TLA Annual Conference, TLA News, Uncategorized

Congratulations to the 2019 TLA Award winners! These librarians represent excellence in librarianship and were honored for their contributions to the library profession.

Kashmere Neighborhood Library received the 2019 Texas Library Association Libraries Change Communities Award.

In the aftermath of Hurricane Harvey, the Kashmere Gardens Neighborhood library (Houston, TX) became a temporary sanctuary for people in the community, providing shelter and safety from the rising flood waters. Working with the Houston Health Department, the library was able to open a temporary mini-branch location one month after the storm, allowing customers to have access to computers, internet, and books. Library staff successfully hosted programs including English classes, computer classes, and a summer reading program. The library now serves as a liaison for customers and agencies, letting everyone know of resources available. Providing these services, staff was aware that they were not just connecting customers to programs, but they were also connecting with customers on a more personal level, being a shoulder to cry on, and letting them know they were not alone in finding their way back to normal.

Maria Elena Ovalle received the 2019 Texas Library Association Lifetime Achievement Award.

After serving as a biology teacher for 16 years, Maria Elena Ovalle (Edinburg, TX) became a librarian in 1992, starting with an elementary school before moving to a high school. As a librarian, Ovalle collaborated with teachers and hosted many student activities. In 1998, Ovalle transferred to become the Internet/network specialist for Edinburg CISD, a position she held until 2000, after which she became the coordinator of library services and instructional resources for Region One Education Service Center. She stayed at this position until her retirement in 2014.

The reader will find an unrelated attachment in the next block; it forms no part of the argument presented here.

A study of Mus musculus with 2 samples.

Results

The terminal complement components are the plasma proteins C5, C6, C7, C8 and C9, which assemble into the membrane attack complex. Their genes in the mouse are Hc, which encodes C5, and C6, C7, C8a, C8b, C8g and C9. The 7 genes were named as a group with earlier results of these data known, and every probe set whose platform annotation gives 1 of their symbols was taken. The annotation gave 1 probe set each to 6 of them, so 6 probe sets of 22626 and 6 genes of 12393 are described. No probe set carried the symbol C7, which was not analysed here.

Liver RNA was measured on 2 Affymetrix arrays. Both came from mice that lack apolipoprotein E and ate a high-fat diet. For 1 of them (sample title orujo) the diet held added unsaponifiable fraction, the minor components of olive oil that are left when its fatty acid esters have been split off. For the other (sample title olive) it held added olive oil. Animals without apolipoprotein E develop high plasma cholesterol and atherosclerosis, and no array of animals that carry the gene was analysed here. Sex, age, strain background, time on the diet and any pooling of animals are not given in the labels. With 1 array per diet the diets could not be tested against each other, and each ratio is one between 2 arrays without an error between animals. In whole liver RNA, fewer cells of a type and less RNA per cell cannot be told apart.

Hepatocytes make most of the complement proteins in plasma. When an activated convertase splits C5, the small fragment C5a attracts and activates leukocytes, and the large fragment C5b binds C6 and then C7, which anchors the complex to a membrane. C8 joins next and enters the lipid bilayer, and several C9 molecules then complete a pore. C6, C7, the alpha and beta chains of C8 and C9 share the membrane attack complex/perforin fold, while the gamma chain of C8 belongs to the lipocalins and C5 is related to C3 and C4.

One of Ovalle’s greatest accomplishments is creating the Tejas Star Book Award (now the TLA Tejas Star Reading List), to support the bilingual population in the Rio Grande Valley.

Now retired, Ovalle continues to support the library community in her city and region, as well as being active in TLA and other state-level roles.

Hurst-Euless-Bedford ISD received the 2019 Texas Library Association Wayne Williams Library Project of the Year Award. (Hurst, TX; Euless, TX; Bedford, TX)

HEB Reads! is a partnership between the Hurst-Euless-Bedford ISD and the public libraries in Hurst, Euless, and Bedford, Texas that began in 2015. The program  was developed to lessen the negative effects of the summer reading slide, which is the tendency for children to lose some of the gains they made during the previous school year.

In addition to the reading program, the HEB Reads! team wrote a Texas State Library and Archives Commission grant for an outreach vehicle. They were awarded the grant which was used to purchase the Think Tank, a mobile STEM lab that travels to school and city events each week. The Think Tank contains STEM activities that focus on coding, constructing and creating. Launched in September 2017, the vehicle is manned at events by school and city librarians.

Eric Lashley received the 2019 Texas Library Association Librarian of the Year award.

Eric Lashley has served at the director of the Georgetown Public Library for 18 years.  During that time, Lashley has taken innovative approaches to the technological and existential challenges libraries face and developed a dynamic, beloved public library that is a model for others across the state and the country.

In 2018, under Lashley’s leadership, Georgetown Public Library was awarded the National Medal for Museum and Library Service by the Institute for Library and Museum Services, recognizing the library as a model for others across the country. It was only the second library in Texas to ever win the National Medal.

Coach Gary and Kelsey Patterson and the Gary Patterson Foundation received the 2019 Texas Library Association Benefactor Award.

The Gary Patterson Foundation made the decision in early 2018 to expand the foundation’s mission to support all the elementary school libraries in Fort Worth ISD. The foundation awarded 38 campus libraries grants of up to $10,000. The total amount given during the first semester of the 2018-2019 school year was $325,000. Campus libraries purchased new furniture, books, technology, and décor, and arranged for visiting authors, and Reading is Fundamental (RIF) distributions for their students.